Now for what we see as an inconvenient truth about the 2015 Fit: Honda has made all kinds of significant and major change underneath—new structure, new front suspension geometry, new front subframe, new rear damping setup, smaller rear trailing arms—and while it might technically add up to greater stability, as the company claims, it's just not as much fun from the driver's seat as the previous, outgoing model.
Greater refinement, yes; but some sporty edge lost in translation
On some narrow, somewhat pitchy backroads near San Diego, we found the Fit to be less 'battened down' that we might have expected—as if we were more often in a middle state of suspension loading or unloading—and that might be that the somewhat softer tune and greater suspension travel in front. Honda said that it targeted a more 'linear' feel, and we see that being true; it's not as willing to whip back and forth, or bite hard into a tight corner with the front end barely flinching, as the current model, and ultimately that might make it more stable and predictable...on charts and graphs.
What's missing in turn is the seat-of-the-pants directness that was so ever-present in the previous Fit. In full admission, what we describe here as charming was probably also why the previous Fit made some enemies, with more road noise in the cabin than some other models in its class, and why the ride quality was by no means at the top. The 2015 Fit improves by leaps and bounds in that—with input-separation damper mounts, for example, helping to isolate major road shocks without any loss in control.
There are still plenty of signs, too, that Honda's applying a higher level of detail to the driving experience, yet working with what the masses want. The electric power steering system in the Fit is column-mounted, but it feels more responsive, precise, and reasonably well-weighted than you'll find in just about any other small car. It's also just not up to the high bar of the outgoing model's steering. The brake pedal is also precise and easy to mete out, stopping within an inch or two of where you intend. And the instrument cluster is simple and sophisticated, with round gauges that stand in stark contrast to the gimmicky setup of some other models in this class.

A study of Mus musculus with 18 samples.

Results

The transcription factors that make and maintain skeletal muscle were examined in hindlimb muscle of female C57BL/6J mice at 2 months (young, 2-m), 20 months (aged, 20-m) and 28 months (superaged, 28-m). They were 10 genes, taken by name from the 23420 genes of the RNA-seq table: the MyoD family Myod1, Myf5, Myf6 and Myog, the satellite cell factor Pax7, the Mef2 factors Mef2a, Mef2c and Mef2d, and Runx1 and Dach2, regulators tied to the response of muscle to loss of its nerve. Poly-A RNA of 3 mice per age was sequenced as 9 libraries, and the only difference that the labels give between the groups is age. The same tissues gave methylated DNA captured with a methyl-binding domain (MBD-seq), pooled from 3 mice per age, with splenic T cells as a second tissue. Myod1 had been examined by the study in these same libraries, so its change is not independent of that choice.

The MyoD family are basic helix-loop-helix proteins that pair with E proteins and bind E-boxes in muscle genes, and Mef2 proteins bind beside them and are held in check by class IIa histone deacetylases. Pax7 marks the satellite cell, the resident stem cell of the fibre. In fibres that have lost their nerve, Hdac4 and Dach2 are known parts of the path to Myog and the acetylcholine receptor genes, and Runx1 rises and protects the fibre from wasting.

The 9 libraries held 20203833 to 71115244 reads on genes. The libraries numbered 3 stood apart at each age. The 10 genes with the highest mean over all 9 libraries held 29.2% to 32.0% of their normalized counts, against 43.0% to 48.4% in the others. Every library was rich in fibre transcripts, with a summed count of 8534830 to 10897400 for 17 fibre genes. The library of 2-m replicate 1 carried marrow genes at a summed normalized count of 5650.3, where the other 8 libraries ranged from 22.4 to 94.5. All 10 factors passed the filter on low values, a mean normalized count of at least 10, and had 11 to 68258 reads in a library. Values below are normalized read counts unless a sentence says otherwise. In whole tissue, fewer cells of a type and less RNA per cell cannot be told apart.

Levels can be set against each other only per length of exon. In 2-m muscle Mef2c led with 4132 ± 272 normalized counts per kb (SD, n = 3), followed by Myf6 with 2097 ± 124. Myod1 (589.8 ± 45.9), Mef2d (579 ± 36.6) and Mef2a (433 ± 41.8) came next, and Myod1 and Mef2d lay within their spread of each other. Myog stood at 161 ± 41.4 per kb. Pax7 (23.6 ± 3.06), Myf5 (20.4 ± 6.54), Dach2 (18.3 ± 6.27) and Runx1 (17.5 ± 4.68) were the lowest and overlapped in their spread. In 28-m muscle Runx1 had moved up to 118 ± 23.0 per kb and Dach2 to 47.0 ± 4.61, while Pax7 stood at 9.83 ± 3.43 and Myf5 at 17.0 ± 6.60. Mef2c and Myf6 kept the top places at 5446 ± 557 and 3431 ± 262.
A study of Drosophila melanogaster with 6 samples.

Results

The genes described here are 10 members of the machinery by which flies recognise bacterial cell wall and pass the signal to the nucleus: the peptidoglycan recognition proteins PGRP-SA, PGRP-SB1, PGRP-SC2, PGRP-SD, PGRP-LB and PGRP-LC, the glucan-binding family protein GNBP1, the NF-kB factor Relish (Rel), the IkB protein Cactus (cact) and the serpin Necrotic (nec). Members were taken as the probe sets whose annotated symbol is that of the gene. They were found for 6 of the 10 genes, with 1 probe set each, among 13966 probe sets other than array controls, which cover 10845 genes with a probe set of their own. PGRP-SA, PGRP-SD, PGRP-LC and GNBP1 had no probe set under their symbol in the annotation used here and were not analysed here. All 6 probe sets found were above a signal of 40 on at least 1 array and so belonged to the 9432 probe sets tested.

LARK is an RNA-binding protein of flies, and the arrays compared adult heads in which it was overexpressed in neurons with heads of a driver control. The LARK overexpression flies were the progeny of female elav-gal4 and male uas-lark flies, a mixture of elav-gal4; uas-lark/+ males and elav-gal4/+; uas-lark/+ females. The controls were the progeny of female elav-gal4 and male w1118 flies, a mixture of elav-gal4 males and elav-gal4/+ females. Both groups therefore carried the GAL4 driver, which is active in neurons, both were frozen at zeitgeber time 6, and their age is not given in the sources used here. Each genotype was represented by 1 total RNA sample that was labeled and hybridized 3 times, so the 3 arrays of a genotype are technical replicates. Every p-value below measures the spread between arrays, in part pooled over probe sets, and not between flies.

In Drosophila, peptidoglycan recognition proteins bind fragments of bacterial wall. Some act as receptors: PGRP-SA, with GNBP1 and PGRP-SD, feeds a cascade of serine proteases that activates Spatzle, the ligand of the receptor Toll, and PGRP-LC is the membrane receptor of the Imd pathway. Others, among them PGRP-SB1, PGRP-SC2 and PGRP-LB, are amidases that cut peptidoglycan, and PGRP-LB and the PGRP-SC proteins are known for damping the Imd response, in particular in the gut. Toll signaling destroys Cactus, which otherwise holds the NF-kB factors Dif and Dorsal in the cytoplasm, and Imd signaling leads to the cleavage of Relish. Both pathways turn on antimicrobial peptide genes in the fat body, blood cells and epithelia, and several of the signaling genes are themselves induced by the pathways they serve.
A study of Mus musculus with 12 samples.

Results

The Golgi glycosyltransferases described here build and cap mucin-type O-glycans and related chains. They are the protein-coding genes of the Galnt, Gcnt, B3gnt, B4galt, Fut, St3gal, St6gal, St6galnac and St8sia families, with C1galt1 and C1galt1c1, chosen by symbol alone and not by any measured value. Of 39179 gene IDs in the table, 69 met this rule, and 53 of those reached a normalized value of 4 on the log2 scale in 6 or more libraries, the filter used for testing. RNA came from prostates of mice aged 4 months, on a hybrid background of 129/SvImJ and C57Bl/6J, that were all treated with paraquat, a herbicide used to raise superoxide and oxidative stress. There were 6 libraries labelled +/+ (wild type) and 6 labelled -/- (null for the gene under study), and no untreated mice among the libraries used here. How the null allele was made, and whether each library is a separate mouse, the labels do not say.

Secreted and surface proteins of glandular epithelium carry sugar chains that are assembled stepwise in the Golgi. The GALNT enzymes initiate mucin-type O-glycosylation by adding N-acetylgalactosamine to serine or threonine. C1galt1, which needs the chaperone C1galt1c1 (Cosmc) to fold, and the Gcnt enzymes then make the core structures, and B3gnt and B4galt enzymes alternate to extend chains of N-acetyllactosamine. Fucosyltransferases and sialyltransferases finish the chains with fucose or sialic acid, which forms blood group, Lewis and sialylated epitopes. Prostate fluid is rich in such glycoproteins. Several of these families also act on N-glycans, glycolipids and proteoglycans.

Stronger, more efficient
The new Fit weighs slightly more than the outgoing car, but it gets a power boost that more than makes up for it—along with two transmissions that help make even more of it. The 1.5-liter in-line four that powers all versions of the Fit in the U.S. now has direct injection plus other improvements and makes 130 horsepower 130 horsepower and 114 pound-feet of torque—both significant gains over last year's engine. This new engine has direct injection, improved block cooling, piston oil jets, and a reduced-weight crankshaft, along with an all-composite intake manifold.
Last year's five-speed automatic transmission is gone from the lineup, replaced by a continuously variable automatic transmission (CVT) that actually does a really good job in avoiding the rubber-band responsiveness and engine drone that can drive commuters crazy. Honda's so-called 'G-design Shift' programming, as is used in the Accord, works as it should here, raising revs naturally with speed then ramping down to low rpm at cruise. The only exception comes when you push the accelerator most of the way to the floor and discover that speed isn't gathering all that much quicker but you're generating a lot more noise (peak torque arrives at 4,600 rpm, and the engine becomes much noisier around there (by the way, the engine isn't tuned to sound 'good' in any way, so it's not a pleasant noise).